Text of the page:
Pakistan, despite its contribution of only 0.9 percent to global greenhouse gas (GHG) emissions, is highly vulnerable to the impacts of climate change. While the government of Pakistan has made commendable efforts in addressing environmental challenges through its current climate change policy, there are critical areas that require evaluation and improvement. Specifically, issues such as coal-based power generation, importation of used vehicles, operation of traditional brick kilns, rapid urbanization, and agricultural burning significantly contribute to pollution and environmental degradation in the country. To effectively tackle these challenges, a comprehensive policy reorientation at the national level is essential.
Pakistan presently adheres to Euro II and Euro III emission standards for gasoline and diesel fuels, respectively. However, the country has made limited progress toward implementing Euro VI emission standards. Additionally, there are ongoing projects and plans for the development of new coal-fired power plants, both domestically and through foreign investments.
Another pressing concern is the high number of older vehicles in circulation, coupled with the lack of comprehensive vehicle scrappage programs. Traditional brick kilns, employing outdated and inefficient technologies, contribute to air pollution, deforestation, and environmental degradation, too. Furthermore, rapid urbanization in Pakistan poses numerous challenges in terms of infrastructure, housing, transportation, and environmental sustainability. The lack of proper planning and uncontrolled urban development strain resources, lead to inadequate infrastructure, and cause further environmental degradation.
Agricultural burning, particularly in Punjab after the rice and wheat harvesting seasons, adds to the environmental concerns. Farmers resort to burning crop residues, such as rice straw and wheat stubble, due to limited time between harvest and planting seasons, labor constraints, and the absence of affordable alternatives for residue management.
Industrial pollution, waste management, construction and urban development, as well as indoor air pollution caused by inefficient cookstoves and dirty fuels, are also critical priority issues in Pakistan. However, the existing mechanisms for implementation and monitoring of policies in these areas have proven to be ineffective.
Moreover, the initiation of billion-dollar projects like the Billion Tree Tsunami by the government raises skepticism about the credibility of linking such initiatives to the mitigation of effects of climate change and environmental friendliness. This, coupled with Pakistan’s heavy reliance on foreign loans, raises concerns about the country’s economic stability.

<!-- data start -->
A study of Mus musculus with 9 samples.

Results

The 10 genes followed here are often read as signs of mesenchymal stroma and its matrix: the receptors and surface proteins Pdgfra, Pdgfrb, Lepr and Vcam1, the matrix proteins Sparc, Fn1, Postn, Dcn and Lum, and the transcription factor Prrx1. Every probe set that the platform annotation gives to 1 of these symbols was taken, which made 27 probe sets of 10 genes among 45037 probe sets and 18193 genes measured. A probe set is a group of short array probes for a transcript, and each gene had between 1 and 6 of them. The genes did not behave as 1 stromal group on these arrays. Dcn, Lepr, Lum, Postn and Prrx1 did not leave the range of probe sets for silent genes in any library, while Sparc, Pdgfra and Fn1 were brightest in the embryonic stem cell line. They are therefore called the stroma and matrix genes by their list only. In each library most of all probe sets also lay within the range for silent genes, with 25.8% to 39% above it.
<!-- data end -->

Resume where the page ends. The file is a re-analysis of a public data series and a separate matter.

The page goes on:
Pakistan has sought support from the international community, particularly in light of the damages caused by the floods in 2022. The government appealed for recognition that the costs of climate change should be shared by developed countries, as they are the primary contributors. The reconstruction needs for post-flood recovery are estimated to exceed $16 billion. Efforts led by Bilawal Bhutto Zardari, the foreign minister of Pakistan, and Sherry Rehman, the climate change minister, have resulted in significant support. Generous pledges of over $9 billion were made during an international conference held in Geneva, providing much-needed assistance for reconstruction efforts.
Despite these efforts, there remains a lack of sufficient support and engagement from the government of Pakistan in addressing climate change on the global platform. The level of involvement and clarity regarding the government’s commitment to addressing climate change internationally is unclear. Pakistan needs to proactively engage in international climate forums, intensify diplomatic efforts to secure funding, and strengthen partnerships with other countries to collectively address this global issue.
Another critical shortcoming is the absence of a robust and dedicated institution to coordinate and integrate efforts among various stakeholders. Effective coordination and collaboration between government departments, scientific organizations, civil society, and the private sector are vital for implementing and monitoring climate change policies. Establishing a centralized institute to bridge these gaps, facilitate information sharing, and streamline decision-making processes is crucial for a coherent and impactful climate change strategy.
While the current climate change policy focuses on mitigation and adaptation measures, it must broaden its scope to address additional factors contributing to climate change. These include deforestation, unsustainable agricultural practices, urbanization, and industrial emissions. The policy should encompass comprehensive strategies promoting sustainable land use, responsible farming practices, urban planning prioritizing green infrastructure, and stringent regulations on industrial emissions.
While the government of Pakistan’s efforts for the rehabilitation of flood victims has shown commendable efforts, critical policy areas require immediate attention and improvement. Enhancing international engagement, establishing an effective coordination institute, and considering additional factors contributing to climate change will result in a more comprehensive and impactful climate change strategy. Prioritizing these aspects is imperative for effectively addressing climate change challenges and safeguarding the environment for future generations.